Books: Inside the Economist's Mind (I.T.E.M.) and Getting It Wrong

This Blog hosts discussion of issues relevant to the book, Inside the Economist's Mind, coedited by Nobel Laureate Paul A. Samuelson and William A. Barnett, published by Wiley/Blackwell, and the newer book by William A. Barnett, Getting It Wrong, published by MIT Press.



The book, Inside the Economist's Mind, is coedited by Paul A. Samuelson and William A. Barnett. Although this Blog is hosted solely by the latter coeditor, the following is the information in the book's front matter about Paul Samuelson:

Paul A. Samuelson was the first American to win the Nobel Prize in Economics. He is Professor Emeritus of Economics and Institute Professor at the Massachusetts Institute of Technology. Institute Professor is the highest rank awarded by MIT. His landmark 1947 book, Foundations of Economic Analysis, based upon his Ph.D. dissertation at Harvard University, established him as "the economists' economist" by raising the standards of the entire profession. Paul Samuelson's classic textbook, Economics, first published in 1948, is among the most successful textbooks ever published in the field. The book's 16 editions have sold over four million copies and have been translated into 41 languages. He received his B.A. degree from the University of Chicago and his M.A. and Ph.D. from Harvard University. As one of the profession's most productive scholars for over a half-century, he remains an intellectual force of towering stature.

Thursday, January 26, 2012

Kindle Edition Best Seller

The book, Getting It Wrong, now is available from Amazon as a Kindle Edition, and already is on the Kindle bestsellers lists for both Econometrics and for Money and Monetary Policy.

Tuesday, January 10, 2012

Short Review of Getting It Wrong

A short one-paragraph commentary on the book, Getting It Wrong, just appeared in The Economist Intelligence Unit, which is associated with the Economist magazine.

Sunday, January 08, 2012

A Rant on The Money Illusion Blog

A January 6 rant on The Money Illusion blog referred to "Paul Spindt’s debit weighted money figures." But Paul Spindt's MQ index uses turnover rates (not debits) as prices (not weights). My Divisia monetary aggregates use opportunity costs (foregone interests) to measure prices of monetary assets.  Prices in index numbers are not weights.  Weights normally are expenditure shares, which depend upon all quantities and prices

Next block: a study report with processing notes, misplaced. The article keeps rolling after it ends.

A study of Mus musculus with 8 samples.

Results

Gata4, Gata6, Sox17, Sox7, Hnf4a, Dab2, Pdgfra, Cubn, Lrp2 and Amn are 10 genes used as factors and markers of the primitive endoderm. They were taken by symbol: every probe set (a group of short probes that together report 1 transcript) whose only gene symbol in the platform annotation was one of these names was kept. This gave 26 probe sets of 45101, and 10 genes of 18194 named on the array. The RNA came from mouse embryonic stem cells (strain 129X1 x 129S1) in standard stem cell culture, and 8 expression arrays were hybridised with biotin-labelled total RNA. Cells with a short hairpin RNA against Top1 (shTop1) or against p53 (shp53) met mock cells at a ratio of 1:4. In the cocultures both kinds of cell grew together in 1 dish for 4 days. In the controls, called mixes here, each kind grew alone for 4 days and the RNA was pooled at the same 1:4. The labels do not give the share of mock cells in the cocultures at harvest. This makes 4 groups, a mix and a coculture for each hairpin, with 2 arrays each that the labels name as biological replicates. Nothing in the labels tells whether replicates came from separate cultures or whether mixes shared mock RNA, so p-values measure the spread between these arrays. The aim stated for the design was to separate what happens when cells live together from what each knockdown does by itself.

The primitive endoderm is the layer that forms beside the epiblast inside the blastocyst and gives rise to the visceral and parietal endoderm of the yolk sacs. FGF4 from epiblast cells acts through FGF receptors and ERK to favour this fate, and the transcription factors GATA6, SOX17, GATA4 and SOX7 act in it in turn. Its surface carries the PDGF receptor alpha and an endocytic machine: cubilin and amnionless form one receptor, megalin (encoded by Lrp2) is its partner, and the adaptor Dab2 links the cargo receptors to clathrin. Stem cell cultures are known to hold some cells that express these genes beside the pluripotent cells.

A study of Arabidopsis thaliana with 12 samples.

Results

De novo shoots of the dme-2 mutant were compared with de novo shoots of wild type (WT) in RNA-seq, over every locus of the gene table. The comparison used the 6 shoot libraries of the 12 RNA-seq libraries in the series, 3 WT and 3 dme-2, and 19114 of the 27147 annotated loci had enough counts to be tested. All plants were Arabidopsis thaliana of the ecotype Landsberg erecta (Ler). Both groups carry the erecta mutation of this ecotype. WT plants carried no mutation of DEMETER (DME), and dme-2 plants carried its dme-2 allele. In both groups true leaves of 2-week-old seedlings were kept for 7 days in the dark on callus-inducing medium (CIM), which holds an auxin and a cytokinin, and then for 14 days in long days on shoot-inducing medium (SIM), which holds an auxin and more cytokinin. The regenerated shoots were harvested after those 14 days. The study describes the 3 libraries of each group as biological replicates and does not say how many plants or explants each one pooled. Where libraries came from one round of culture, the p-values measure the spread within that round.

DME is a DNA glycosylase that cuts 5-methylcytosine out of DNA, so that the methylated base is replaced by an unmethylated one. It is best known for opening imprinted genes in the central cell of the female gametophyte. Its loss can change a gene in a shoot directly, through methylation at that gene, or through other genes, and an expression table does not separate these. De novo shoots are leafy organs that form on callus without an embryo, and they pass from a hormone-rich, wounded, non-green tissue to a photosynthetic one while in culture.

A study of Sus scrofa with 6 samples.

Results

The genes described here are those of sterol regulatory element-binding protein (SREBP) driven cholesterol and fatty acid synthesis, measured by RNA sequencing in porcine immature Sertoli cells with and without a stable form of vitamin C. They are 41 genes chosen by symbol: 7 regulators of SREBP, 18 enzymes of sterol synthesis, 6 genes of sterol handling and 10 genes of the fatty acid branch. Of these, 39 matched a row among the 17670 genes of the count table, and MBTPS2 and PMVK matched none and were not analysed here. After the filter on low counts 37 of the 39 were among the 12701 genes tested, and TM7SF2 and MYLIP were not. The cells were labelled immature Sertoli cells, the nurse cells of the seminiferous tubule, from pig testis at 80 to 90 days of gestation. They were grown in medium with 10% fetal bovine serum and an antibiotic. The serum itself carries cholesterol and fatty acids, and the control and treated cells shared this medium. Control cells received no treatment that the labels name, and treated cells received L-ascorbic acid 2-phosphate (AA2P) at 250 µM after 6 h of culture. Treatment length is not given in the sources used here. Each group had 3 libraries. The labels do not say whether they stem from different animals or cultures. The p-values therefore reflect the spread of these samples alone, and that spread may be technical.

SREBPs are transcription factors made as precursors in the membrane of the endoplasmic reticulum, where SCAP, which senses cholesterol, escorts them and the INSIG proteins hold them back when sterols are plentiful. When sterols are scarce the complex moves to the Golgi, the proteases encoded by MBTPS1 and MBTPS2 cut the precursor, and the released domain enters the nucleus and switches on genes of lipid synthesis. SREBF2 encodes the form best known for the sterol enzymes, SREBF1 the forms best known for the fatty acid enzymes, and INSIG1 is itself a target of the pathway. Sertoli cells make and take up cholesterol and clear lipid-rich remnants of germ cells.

I am not aware of a current source of MQ data, and they will not be computed or supplied by the CFS. But if you are interested in MQ, you can read about it on pp. 212-213 of my new book, Getting It Wrong.

Wednesday, January 04, 2012

Prices versus Share Weights

I just posted this on The Money Illusion blog. As you may have noticed in the latest issue of the Economist Magazine, The Money Illusion blog is highly respected.

Glad to see there is interest on this eminent blog about what I’m doing at the Center for Financial Stability (CFS) in NY City. That said, I probably should mention that interpretation of Divisia money is more difficult than it may seem. In index number theory, there are quantities, prices, and weights. With Divisia, the growth rate weights are the expenditure shares, which depend upon all quantities and prices, not just one price. The prices and the weights are not the same thing. With the Divisia monetary aggregates, the prices are foregone interest (opportunity costs). Those prices are not the same as the weights, but often are misinterpreted as weights.

Consider, for example, the case of a Cobb-Douglas aggregator function. The expenditure shares are constants for Cobb-Douglas. Regardless of what happens to the prices, the shares will not change. Hence the Divisia weights will not change.

What about other aggregator functions, not Cobb-Douglas? Suppose the price of a good goes up. Will its share (and thereby its Divisia weight) go up? That’s unpredictable, since it depends upon whether the own price elasticity of demand of the good is greater than or less than 1.0.

The CFS Reports section, which is not yet online, will try to help with accurate interpretation. My new book also does that in Appendix E. Once you get the hang of it, it all becomes clear. It’s all about the microeconomic aggregation theory that we all know from the CPI, the National Accounts, etc.

My Reply

Regarding the insightful commentaries that just appeared on the three blogs, The Money Illusion, The Market Monetarist, and Monetary Freedom, I just posted the following reply on the Monetary Freedom blog.

All very interesting. The relevant theory is in the appendixes to my new book, Getting It Wrong. The source of the new Divisia data is the program I now direct at the Center for Financial Stability in NY City. The program is called Advances in Monetary and Financial Measurement (AMFM).

AMFM will include a Reports section discussing monetary conditions. Although not yet online, that section will address many of the concerns rightfully appearing in the excellent blogs, The Money Illusion, The Market Monetarist, and Monetary Freedom. The distinction between the AMFM Reports section and the AMFM Library, which is already online, is that the AMFM Library only relates to articles published in peer-reviewed journals and books, while the AMFM Reports section will relate to the public media and online blogs.

There will be a press release when the full AMFM site is ready to go online.

Blog Posts About Getting It Wrong

Blog posts and discussion of my new book, Getting It Wrong, just appeared in three widely read economics blogs: The Money Illusion, The Market Monetarist, and Monetary Freedom.